TAIPEI (Taiwan News) — Nearly 1,400 square kilometers of Taiwan will be under the sea by 2050, and nearly 3 million residents will be victims of rising sea levels and storm surges, if the country does not take steps to reduce greenhouse gas emissions, Greenpeace announced on Monday (Aug. 24).
During a press conference in Taipei on Monday titled "Potential sea level rise and storm surge threat," Greenpeace Climate and Energy Campaign Director Lena Chang (張皪心) said that if swift measures are not taken over the next 30 years, Taiwan will be threatened by both higher sea levels and storm surges, which will impact more than 2.9 million residents of Taiwan's special municipalities. The special municipalities include Kaohsiung, New Taipei, Taipei, Taichung, Tainan, and Taoyuan.
Chang pointed out that typhoons can raise the sea level and that the powerful winds wrought by such storms push seawater inland, generating a storm surge much like a small tsunami. For example, 2015's Typhoon Dujuan and 2016's Typhoon Megi caused storm surges and flooded many areas across Taiwan.
She then ominously warned that if Taiwan does not take steps to reduce carbon dioxide emissions, the sea around Taiwan will rise by 0.56 meters by 2050. Under the worst-case scenario, this could result in 1,398 km² of land being flooded, directly affecting 1.2 million people.
In addition, under these conditions, storm surges could raise water levels by 1.62 meters, which would impact more than 2.9 million residents in the six major cities, said Chang. She said that this combination of elevated sea levels and storm surges would hit Tainan the hardest, completely submerging Qigu District.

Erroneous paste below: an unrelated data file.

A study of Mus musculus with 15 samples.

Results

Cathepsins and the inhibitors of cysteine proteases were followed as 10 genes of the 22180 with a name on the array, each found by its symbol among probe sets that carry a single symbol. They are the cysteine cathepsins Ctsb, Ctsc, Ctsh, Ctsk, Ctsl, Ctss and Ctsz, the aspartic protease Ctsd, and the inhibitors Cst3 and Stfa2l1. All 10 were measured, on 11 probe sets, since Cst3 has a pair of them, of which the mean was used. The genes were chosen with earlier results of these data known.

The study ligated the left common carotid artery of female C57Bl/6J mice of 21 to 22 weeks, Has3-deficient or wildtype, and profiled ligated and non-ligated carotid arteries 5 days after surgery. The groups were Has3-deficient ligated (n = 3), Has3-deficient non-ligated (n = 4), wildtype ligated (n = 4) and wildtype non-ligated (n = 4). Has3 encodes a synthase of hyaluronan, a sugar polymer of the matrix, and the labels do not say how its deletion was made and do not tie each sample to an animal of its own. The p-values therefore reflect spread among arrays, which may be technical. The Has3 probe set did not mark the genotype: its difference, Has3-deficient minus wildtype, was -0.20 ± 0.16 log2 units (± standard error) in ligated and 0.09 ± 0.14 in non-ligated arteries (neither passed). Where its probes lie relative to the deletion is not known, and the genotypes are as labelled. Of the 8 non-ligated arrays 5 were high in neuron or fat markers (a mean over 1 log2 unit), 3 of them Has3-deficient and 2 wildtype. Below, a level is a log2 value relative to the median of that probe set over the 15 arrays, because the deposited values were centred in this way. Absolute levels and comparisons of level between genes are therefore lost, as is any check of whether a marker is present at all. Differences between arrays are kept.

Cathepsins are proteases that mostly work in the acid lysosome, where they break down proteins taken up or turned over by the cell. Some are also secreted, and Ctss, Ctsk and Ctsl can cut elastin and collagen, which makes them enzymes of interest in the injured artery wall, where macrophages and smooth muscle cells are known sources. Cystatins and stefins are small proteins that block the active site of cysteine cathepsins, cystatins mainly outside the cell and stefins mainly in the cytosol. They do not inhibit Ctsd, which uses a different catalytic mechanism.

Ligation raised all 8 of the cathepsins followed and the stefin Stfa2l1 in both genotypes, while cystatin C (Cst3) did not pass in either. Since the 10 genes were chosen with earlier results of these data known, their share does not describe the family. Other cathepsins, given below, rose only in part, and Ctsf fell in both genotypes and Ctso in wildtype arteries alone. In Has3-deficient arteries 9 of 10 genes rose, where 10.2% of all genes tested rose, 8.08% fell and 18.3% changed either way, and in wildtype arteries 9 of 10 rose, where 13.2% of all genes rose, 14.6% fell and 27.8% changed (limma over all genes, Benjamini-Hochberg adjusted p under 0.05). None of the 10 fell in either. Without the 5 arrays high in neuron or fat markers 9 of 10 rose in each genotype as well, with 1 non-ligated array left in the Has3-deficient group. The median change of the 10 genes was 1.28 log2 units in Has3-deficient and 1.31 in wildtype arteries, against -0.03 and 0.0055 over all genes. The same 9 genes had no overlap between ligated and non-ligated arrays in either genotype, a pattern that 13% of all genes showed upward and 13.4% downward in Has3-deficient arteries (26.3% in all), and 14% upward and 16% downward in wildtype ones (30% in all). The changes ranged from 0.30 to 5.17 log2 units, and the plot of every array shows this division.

Map of predicted water levels in Kaohsiung in 2050. (Greenpeace Taiwan image)
Many of Tainan's historic sites, such as the ruins of Fort Zeelandia, Anping Old Fort, and Sicao Fort could be inundated.
Due to New Taipei City's large population, it would see the most people — 750,000 — affected by rising sea levels and storm surges.
As for the capital city of Taipei, Chang said the rising water levels could flood Taipei Main Station and the Presidential Office Building. Simulations of a storm surge at these levels show that Songshan Airport would also be flooded.
Because the six special municipalities account for more than 70 percent of Taiwan's population, Chang called on their mayors to fully assess the climate risks the cities face and set carbon reduction targets. She also urged the cities' governments to devise both medium- and long-term renewable energy development goals.
Simulations show that storm surges could flood 2,120 km² of land across the country, impacting more than 28 million ping (1 ping equals 3.3 m²) of floor space in buildings, the equivalent of 500 Taipei Arenas. Important industrial zones along the southwest coast, such as Google's data center in Tainan and the Pier-2 Art Center in Kaohsiung, would also be affected.